1. Getting the right look We eat with our eyes so looks really do count. Fortunately cheese comes in an array of colours, shapes and sizes, so your challenge is to get the arrangement right. For eye-catching colours, consider vibrant orange cheeses such as Sparkenhoe Red Leicester and Lincolnshire Red. These contain the natural vegetable dye ‘annatto’ and sit beautifully alongside blue-veined cheeses like Binham Blue and (a recent discovery of mine) the Balcombe Dairy ‘Blue Clouds’. My tip is to spread bite-size pieces across your platter, well-spaced to leave room for further treats to be added. The cheeses can be cut into different shapes, like small triangles, rectangles or sticks. Soft cheeses such as Baron Bigod are delicious but can be tricky to include as they start to ooze as they warm up.
Add dried fruit like figs and a few pieces of chocolate to complete the perfect look!
Choose an attractive platter appropriate in size for your number of guests. If you are hosting a large party, you might consider creating a grazing extravaganza on a length of baking parchment stretched out directly on your table.
2. Something for everyone People’s taste in cheese varies greatly. So whether you’re thinking of cheese from around the world, a Mediterranean platter or a classic British selection, make sure there’s at least three cheeses on offer. And always serve at least one familiar cheese.
There are four basic cheese types: aged, soft, firm and blue. A good variety will include at least one from each group. My recommendations? For aged: consider Aged Cheddar, Comte and Goat Gouda. For soft: Constant Bliss, Camembert and Brillat-Savarin. For firm: Manchego, Mimolette, Parmigiano-Reggiano. And for Blue: Gorgonzola Dolce, Valdeón and Stilton.
You can also try selecting cheeses by the type of milk used (cow, goat or sheep). This will ensure a range of different flavours on the plate.
My favourite Cheddars
For my festive board I would choose one from: - Black Bomber, with an attractive wax black jacket and an intense and strong taste. - Cornish Yarg, a delicate yoghurt cheese very different to black bomber and very well presented wrapped in nettle leaves. - Sussex Charmer, made then aged for two years at Plaw Hatch Farm, East Sussex. This vintage Cheddar is and is from cows bred for a richer, creamier milk.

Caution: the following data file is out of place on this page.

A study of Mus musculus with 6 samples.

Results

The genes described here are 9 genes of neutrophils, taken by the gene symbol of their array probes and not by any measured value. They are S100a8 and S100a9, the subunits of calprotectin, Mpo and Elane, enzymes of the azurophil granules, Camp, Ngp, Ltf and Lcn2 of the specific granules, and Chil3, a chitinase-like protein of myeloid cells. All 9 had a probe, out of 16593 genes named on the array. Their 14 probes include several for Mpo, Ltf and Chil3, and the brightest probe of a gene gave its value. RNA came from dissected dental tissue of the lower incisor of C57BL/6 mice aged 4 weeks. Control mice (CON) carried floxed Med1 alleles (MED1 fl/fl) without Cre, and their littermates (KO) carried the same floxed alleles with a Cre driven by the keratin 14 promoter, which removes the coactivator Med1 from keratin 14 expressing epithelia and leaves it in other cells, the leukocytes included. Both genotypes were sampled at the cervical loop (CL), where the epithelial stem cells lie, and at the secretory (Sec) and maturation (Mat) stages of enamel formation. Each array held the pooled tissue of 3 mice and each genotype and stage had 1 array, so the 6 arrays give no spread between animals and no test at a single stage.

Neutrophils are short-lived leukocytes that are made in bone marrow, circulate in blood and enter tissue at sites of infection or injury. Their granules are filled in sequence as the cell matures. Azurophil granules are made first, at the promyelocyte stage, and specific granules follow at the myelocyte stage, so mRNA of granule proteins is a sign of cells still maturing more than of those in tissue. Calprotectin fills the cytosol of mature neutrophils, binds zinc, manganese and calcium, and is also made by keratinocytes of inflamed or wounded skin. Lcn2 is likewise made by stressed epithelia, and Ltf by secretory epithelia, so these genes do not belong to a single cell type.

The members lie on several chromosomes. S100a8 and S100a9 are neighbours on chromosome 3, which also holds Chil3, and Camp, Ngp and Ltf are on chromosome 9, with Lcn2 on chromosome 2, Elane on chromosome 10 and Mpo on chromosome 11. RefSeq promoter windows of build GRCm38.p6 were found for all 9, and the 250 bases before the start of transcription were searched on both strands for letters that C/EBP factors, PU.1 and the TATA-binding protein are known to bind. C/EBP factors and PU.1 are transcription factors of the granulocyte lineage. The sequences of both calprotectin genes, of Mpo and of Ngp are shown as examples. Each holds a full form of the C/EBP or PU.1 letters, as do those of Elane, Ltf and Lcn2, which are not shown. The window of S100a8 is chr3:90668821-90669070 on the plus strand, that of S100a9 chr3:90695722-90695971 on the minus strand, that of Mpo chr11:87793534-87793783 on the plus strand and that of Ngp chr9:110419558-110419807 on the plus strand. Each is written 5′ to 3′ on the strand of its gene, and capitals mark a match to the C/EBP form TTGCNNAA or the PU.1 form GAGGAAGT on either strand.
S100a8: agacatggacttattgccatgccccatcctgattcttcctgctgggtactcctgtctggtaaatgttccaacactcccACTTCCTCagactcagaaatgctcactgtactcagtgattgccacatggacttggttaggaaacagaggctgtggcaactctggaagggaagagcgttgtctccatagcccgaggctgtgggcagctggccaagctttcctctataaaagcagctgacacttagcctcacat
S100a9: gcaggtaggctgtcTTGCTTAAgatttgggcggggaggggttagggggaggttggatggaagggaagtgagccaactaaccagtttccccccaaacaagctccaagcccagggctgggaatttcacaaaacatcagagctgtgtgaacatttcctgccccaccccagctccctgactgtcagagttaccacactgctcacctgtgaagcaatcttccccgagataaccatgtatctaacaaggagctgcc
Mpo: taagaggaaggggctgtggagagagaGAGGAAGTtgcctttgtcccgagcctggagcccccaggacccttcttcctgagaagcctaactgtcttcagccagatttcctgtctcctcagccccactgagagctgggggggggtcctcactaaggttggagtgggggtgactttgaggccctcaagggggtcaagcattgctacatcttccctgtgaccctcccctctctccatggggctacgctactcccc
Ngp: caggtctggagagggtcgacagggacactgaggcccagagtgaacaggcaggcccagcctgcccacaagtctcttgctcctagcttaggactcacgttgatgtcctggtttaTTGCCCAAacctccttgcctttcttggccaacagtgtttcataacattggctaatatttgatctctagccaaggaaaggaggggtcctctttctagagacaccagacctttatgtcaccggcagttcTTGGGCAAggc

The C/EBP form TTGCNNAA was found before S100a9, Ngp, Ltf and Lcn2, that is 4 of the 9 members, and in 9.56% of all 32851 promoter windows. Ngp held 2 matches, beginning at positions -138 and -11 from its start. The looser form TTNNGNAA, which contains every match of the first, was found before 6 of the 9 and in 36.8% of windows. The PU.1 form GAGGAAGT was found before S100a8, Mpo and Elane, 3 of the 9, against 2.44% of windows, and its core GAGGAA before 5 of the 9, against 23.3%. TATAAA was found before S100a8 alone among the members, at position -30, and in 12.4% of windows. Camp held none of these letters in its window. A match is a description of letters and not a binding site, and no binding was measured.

3. A blend of textures and tastes The perfect cheese platter pleases all tastes. Think of it as a 'mini meal' on a plate, as it will be for many people enjoying a cosy winter night with a glass of red wine. So pick your accompaniments carefully. Think breads, crackers (the more shapes and sizes the better), chutneys, fruit (figs, cherries, apples, or pears) and chocolate (dark and some milk with fruit and nut). Charcuterie can add antipasti to the selection, offering your guests a range of different meat flavours and textures. Circles of salami or coppa may be fanned out of folded in half, then slices of Parma or Serrano Ham may be ‘scrunched’ in to attractive parcels.
You may also want to keep certain areas of your board vegetarian to cater for all dietary needs of your guests. Try sweet preserves or honey and tart chutneys. You can add artichoke hearts, roasted red peppers, caponata and even salty or sweet nuts. If you have a bit more time, prepare caramelised onions, which complement most cheese plates.
When you’re done, try this quick check. Is there something crunchy, soft, spicy, salty and sweet? If there is, the chances are you’ve created a potentially great platter of food.
One great thing I’ve learned is to separate strong-smelling cheeses. If you’re serving a very pungent cheese, place it on a separate plate so it doesn't overpower more delicate offerings. And don’t overdo it! Four or five choices are more than enough.
It’s also important to remove the cheese from the fridge for an hour before serving as the cold mutes the cheese flavour.
Now spread out the spread. Place your cheese platters and the other nibbles on several tables to avoid guest gridlock. Label each cheese so you won’t need to recite the names all evening. If you like, also jot down a few poetic adjectives describing its flavour.
Remember too that Christmas cake goes beautifully with a cheese board!
The expert view: Clare from Slate Cheese, Aldburgh
“It wouldn’t be Christmas without a tangy blue to enjoy with a slice of fruit cake – rich and creamy Shropshire Blue, from the makers of Cropwell Bishop Stilton, is one of the best. A Cheddar is a must too and we’ve selected a delicious new one from Trethowan's Dairy. The long-lasting finish of award-winning Pitchfork pairs beautifully with a spoonful of Slate chutney. Pave Cobble, an ash-coated sheep’s cheese, completes our trio with a light and delicate dimension. Serve all three with delightfully crunchy Peter’s Yard Sourdough Crispbreads for a Christmas cheeseboard to remember.”
Slate Cheese Tasting Notes:
Cropwell Bishop Shropshire Blue is a handmade semi-hard, blue veined cheese with a creamy taste and golden orange colour. Pitchfork is a brand-new award-winning Cheddar, handmade to a traditional recipe by Trethowan's Dairy in Somerset. Its flavour has savoury tones and a long-lasting tangy finish. Pavé Cobble is a sweet and creamy ash-coated sheep’s cheese made by White Lake Cheese in Pylle, Somerset.
Want more advice?
One of my simplest (and favourite!) cheese recipes is a baked brie or camembert. It’s an easy, relaxed and very social way of entertaining and you don't need to have anything fancy in the way of bakers or gadgets. Drop me an email for serving suggestions or more recipes and ideas.